Yesterday, Sisarina tweeted a link to an article about why relaxing is such hard work. It talks about how few Americans return from a vacation feeling rested, how many become ill when they try to take a proper break, and how we're developing an inability to simply sit still and be.
As a society, we're taught to maximize our time, to stimulate ourselves to keep going, non-stop, through the workday. The importance of our presence at work, at meetings, at class, at social engagements, is stressed to the point that often, even illness isn't enough to keep us in bed. At the end of the year, our meager allotment of vacation time still hasn't been used. We are all taught, from a young age, the importance ofpowering through, but we are no longer taught to relax.
We don't think of relaxation as something that needs to be learned or taught, but after our nervous system becomes conditioned to maintain a constant state of arousal--a low level fight-or-flight response--we really do have to re-learn how to let go.
The point was driven home for me last night. During Savasana at the end of a yoga class, I realized I was going over my mental to-do list instead of settling my mind and focusing on my breath. The ironic part is that we had spent the past hour or so of class discussing Santosha, the observance of contentment--the idea that one should be happy and grounded in the moment.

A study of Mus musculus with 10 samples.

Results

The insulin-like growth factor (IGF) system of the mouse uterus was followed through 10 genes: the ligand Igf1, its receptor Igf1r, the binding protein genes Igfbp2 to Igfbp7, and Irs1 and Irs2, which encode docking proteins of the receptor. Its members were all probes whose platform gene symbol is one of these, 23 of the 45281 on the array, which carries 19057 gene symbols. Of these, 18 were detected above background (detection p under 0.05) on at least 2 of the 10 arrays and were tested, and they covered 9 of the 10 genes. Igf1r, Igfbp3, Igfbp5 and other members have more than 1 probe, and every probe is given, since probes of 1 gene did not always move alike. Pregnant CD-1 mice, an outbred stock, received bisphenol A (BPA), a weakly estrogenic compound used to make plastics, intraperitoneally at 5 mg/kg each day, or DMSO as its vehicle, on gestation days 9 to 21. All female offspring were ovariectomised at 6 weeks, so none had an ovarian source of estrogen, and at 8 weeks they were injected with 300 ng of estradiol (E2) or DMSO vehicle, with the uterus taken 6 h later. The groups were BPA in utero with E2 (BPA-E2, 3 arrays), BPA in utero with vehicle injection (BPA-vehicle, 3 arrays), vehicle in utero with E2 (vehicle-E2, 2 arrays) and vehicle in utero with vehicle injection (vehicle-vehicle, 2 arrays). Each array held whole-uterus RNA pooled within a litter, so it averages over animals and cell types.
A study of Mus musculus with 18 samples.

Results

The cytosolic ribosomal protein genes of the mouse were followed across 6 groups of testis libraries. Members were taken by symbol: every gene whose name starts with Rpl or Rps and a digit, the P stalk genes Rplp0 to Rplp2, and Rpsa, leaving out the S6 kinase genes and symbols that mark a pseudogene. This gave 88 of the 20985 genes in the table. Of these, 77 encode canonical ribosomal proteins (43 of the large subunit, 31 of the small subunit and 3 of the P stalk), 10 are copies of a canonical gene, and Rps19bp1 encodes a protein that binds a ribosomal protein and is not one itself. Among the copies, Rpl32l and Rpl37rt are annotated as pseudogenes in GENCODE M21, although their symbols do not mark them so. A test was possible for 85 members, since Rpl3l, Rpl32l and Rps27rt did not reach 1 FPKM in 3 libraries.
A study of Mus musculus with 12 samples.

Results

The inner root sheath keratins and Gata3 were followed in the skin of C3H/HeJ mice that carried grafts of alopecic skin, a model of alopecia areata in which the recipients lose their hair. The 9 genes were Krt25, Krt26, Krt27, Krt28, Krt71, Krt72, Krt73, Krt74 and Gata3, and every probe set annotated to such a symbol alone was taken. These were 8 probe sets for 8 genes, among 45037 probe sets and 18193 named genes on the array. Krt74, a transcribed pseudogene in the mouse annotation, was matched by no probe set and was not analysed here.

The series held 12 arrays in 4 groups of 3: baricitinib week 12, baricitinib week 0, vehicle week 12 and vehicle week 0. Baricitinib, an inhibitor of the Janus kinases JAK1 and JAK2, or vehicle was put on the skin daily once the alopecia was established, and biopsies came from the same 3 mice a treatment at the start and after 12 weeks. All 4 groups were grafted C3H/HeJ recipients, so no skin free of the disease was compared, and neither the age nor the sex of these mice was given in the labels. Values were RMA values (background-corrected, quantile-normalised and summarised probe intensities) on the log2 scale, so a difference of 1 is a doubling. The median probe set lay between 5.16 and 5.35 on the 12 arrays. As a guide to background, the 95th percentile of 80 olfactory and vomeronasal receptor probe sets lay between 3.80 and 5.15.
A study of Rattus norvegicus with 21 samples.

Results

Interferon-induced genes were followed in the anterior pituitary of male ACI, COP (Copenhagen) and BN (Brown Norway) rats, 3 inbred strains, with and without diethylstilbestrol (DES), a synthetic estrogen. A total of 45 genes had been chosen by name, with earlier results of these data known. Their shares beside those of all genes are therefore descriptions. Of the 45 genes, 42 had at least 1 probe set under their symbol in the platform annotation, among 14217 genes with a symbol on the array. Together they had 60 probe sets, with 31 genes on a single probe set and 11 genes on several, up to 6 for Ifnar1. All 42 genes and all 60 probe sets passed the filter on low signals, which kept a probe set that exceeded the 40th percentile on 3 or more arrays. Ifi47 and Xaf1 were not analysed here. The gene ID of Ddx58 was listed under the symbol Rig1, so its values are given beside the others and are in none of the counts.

This is something that I see--or rather, that I see a lack of--in my clients on the massage table. While a person comes in for a relaxing massage and generally expects to lie passively for an hour, one of the hardest things they will do all day is let go.
Some clients find themselves laying there, as I did, worrying about the things that they need to accomplish and trying to work out a plan. These are often the same clients who take their laptop on vacation and sit at the poolside checking their email. Other clients are more physically guarded. I lift their arm, and they hold it stiffly in the air. I slide my hands under their shoulders to prepare to cradle their head, and they lift their upper body off the table. Often, these are the clients who suffer from chronic headaches or tension and pain in their shoulders.
Massage can be a great tool for those people who find themselves unable to just sit and be. By physically assisting our bodies in the process of shifting from "fight or flight" to "rest and digest" (or, in more technical terms, from our sympathetic nervous system to our parasympathetic nervous system), we remind them of what it is like to be in that state. And, on a more conscious level, we remind ourselves that nothing bad will happen if we allow ourselves a bit of time to recharge. Over a mumber of sessions, those guarded clients stop "helping" me support their weight, and the mentally alert clients find themselves in a deeply relaxed state where they are no longer conscious of time passing.
Relaxing and recharging is so important, and so undervalued in our culture. Its easy to believe we don't have time to take for ourselves, but I promise you this: after you take an hour for a massage, or a day to sit by the pool or go for a hike, your newly centered mind and body will be more equipped to deal with whatever you need to accomplish, and you will be able to handle it more efficiently. Its a win-win situation.
And so, I challenge you to take some time to truly relax over the next few days. Take a totally frivolous book to the pool. Turn off your phone and computer screen and spend five minutes at your desk focusing on deep, expansive breathing. Lay in Savasana for fifteen minutes before bed. Get a massage. Carve out a little time for yourself, and be mindful of how it makes you feel. If you start practicing relaxation now, you'll be able to call on that response when you need it.